Ruta Vaisnys just got the word from Blue Shield of California: Her monthly health insurance premium will rise by more than 28 percent to $243 beginning next month.
The Silver Lake, Calif., resident is among the 150,000 Blue Shield customers with individual insurance policies who will experience yet another rate increase Oct. 1. An additional 180,000 Blue Shield members will see their rates go up by an average of 18.3 percent over the next year.
Meanwhile, about 800,000 Anthem Blue Cross individual policyholders will see their premiums rise by an average of 14 percent.
"Your rate is rising for a variety of reasons, all associated with the rapidly increasing cost of medical care," Vaisnys and other Blue Shield customers are being told by letter.
"Your individual rate reflects a combination of what Blue Shield pays for health care, as well as factors that are specific to you - in particular, the product you purchased and your age."
That may be true. But it also reflects a health care system so wildly out of whack that adequate insurance is quickly growing out of reach for all but the wealthiest Americans.
And with coverage remaining primarily in the hands of the private sector, it's unlikely prices will come down significantly, even when the bulk of pending health care reforms take effect four years from now. At that time, individual policies will be offered through "exchanges" intended to promote competition.
"We're losing money on individual policies right now," said Tom Epstein, a Blue Shield spokesman. "We'll definitely need to make some money in the exchange."
Vaisnys' situation highlights what millions of Americans are now facing.
I first wrote about her in June 2009, after Blue Shield had informed her that her monthly premium was about to soar 54 percent. That included a 28 percent increase that the insurer said reflected its higher costs, as well as an additional 26 percent increase because Vaisnys was about to turn 45.
As I noted at the time, Vaisnys (she went by Miller then, prior to a divorce) was in great health. She worked as an actress. She ate well. She exercised regularly. She didn't smoke. Her turning 45 was nothing more than an arbitrary blip on the calendar.
Vaisnys is now 46. She attends ballet classes three times a week. She does Pilates. She's as healthy as ever.
"I have very low blood pressure," Vaisnys told me after learning of Blue Shield's latest rate increase. "But I think they're trying to give me a stroke.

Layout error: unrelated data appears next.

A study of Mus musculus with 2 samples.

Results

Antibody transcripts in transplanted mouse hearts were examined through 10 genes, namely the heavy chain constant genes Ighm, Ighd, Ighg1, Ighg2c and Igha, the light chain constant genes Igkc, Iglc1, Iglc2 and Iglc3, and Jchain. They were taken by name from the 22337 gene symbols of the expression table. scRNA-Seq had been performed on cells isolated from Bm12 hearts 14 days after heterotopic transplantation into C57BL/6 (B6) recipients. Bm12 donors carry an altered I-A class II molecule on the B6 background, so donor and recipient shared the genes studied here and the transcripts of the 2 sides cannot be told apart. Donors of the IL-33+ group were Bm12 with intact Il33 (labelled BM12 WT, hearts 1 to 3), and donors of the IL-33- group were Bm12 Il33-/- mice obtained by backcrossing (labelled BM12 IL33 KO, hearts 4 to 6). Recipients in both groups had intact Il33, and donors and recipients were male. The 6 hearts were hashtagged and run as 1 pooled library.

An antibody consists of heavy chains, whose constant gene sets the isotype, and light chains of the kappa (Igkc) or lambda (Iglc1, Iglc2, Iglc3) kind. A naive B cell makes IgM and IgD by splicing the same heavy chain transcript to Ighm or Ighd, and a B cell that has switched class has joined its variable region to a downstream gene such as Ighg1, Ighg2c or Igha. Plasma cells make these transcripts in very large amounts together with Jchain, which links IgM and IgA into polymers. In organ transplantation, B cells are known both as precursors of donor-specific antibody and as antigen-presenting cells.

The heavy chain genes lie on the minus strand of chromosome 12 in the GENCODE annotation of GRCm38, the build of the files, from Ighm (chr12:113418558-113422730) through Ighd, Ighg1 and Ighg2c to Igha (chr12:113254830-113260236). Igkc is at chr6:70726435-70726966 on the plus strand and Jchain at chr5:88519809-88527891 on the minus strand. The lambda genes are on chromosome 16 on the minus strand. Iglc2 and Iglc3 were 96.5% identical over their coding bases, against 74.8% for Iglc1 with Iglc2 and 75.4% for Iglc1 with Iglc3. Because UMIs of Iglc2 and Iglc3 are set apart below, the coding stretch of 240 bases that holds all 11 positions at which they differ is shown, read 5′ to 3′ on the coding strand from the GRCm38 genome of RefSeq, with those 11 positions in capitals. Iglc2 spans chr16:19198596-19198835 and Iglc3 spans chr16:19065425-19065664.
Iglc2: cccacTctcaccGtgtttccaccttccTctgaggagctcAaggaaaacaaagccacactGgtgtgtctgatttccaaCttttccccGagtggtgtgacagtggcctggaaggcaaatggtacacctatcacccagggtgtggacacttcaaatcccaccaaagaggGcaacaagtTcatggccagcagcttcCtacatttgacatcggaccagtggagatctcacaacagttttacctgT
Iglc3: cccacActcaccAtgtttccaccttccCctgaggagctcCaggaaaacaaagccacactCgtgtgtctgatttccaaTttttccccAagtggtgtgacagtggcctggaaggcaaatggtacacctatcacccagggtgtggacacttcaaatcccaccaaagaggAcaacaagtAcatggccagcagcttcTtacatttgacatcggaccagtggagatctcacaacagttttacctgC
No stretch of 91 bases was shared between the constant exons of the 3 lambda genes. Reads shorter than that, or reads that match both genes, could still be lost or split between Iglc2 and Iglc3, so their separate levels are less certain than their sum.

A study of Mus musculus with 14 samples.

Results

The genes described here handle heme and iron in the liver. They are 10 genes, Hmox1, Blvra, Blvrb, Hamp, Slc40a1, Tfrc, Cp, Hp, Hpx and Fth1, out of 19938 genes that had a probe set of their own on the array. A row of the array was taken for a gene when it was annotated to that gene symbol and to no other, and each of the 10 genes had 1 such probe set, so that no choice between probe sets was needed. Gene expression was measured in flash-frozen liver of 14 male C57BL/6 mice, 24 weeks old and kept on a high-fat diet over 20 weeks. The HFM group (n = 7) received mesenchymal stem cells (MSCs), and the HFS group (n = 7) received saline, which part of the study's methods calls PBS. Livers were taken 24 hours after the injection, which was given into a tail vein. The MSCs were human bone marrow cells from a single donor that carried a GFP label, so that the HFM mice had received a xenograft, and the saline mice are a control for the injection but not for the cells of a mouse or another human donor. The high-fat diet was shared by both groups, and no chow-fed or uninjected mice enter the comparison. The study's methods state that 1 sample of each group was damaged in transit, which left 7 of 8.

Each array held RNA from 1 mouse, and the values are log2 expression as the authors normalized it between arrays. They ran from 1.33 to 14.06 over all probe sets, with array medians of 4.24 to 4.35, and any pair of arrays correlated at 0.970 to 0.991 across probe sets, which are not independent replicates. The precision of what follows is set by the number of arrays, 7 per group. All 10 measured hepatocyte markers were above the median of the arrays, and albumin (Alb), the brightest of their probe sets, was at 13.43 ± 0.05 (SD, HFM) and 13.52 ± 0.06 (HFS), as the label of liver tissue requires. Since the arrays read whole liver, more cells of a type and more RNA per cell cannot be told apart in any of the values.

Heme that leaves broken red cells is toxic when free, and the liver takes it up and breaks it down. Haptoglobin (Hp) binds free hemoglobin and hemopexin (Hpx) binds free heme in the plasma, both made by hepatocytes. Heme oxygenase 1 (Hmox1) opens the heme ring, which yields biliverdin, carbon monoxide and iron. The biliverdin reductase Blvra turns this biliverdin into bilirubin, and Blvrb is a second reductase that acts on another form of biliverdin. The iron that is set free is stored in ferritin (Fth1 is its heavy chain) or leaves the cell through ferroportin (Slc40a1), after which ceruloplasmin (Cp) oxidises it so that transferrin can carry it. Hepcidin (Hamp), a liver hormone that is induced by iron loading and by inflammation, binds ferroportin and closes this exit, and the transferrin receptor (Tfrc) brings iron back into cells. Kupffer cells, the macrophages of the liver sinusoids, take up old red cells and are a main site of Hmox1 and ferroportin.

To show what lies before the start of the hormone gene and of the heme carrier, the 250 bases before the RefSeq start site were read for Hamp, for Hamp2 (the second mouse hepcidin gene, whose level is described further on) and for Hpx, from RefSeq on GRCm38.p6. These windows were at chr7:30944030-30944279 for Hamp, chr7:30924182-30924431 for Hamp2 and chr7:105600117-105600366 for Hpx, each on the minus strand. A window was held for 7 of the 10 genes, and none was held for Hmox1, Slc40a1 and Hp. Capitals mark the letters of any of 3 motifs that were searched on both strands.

"It makes me angry that they keep doing this year after year," she said. "I feel so powerless."
Since we'd last spoken, Vaisnys had switched Blue Shield insurance policies. To lower her monthly premium, she boosted her annual deductible to $3,500 from $2,400.
In other words, she's had to accept less coverage to keep her insurance costs manageable. And she's not alone.
A recent survey by the Kaiser Family Foundation found that 16 percent of individual policyholders nationwide have switched to less-comprehensive plans to keep costs down. A quarter of individual policyholders now have an annual deductible of $5,000 or more.
Yet Blue Shield's Epstein insisted that the company loses money on its individual policies because state regulators won't let it raise rates high enough to cover the full cost of hospital stays, doctor visits and prescription drugs.
"There needs to be a significant transformation of how medical care is delivered," he said.
I agree. And while I support the changes that President Barack Obama and Democratic lawmakers have engineered, they don't go nearly far enough.
The health care reforms place a new emphasis on wellness programs, but this needs to be built into the pricing of hospital and doctor reimbursements. Simply put, doctors and medical facilities should have financial incentives from insurers for keeping people healthy, not just for treating them when they get sick.
And it seems increasingly clear that insurance exchanges and mandates won't do much to lower medical costs or guarantee adequate coverage to all. Most likely, we'll see insurers vying to offer the most bare-bones policies at the highest prices they can get away with.
Some sort of Medicare-for-all program remains the only equitable way that every American can be provided with adequate and affordable coverage. This wouldn't be socialized medicine, and it wouldn't be state-run health care.
It would be an extension of a social safety net that already exists to prevent millions of people from being denied needed health care. Why so many conservatives feel threatened by such an idea is beyond me.
In the meantime, insurance costs will continue rising. Epstein said he expects average annual rate increases for individual policyholders to remain "in the high teens" for the foreseeable future.
I asked Vaisnys if she's hopeful her costs will go down once the health care reforms kick in.
"I'm not holding my breath," she replied.
She said her plan is basically not to ever get sick.
You'd think we could do better than that.
David Lazarus covers consumer issues for the Los Angeles Times. He can be reached at firstname.lastname@example.org.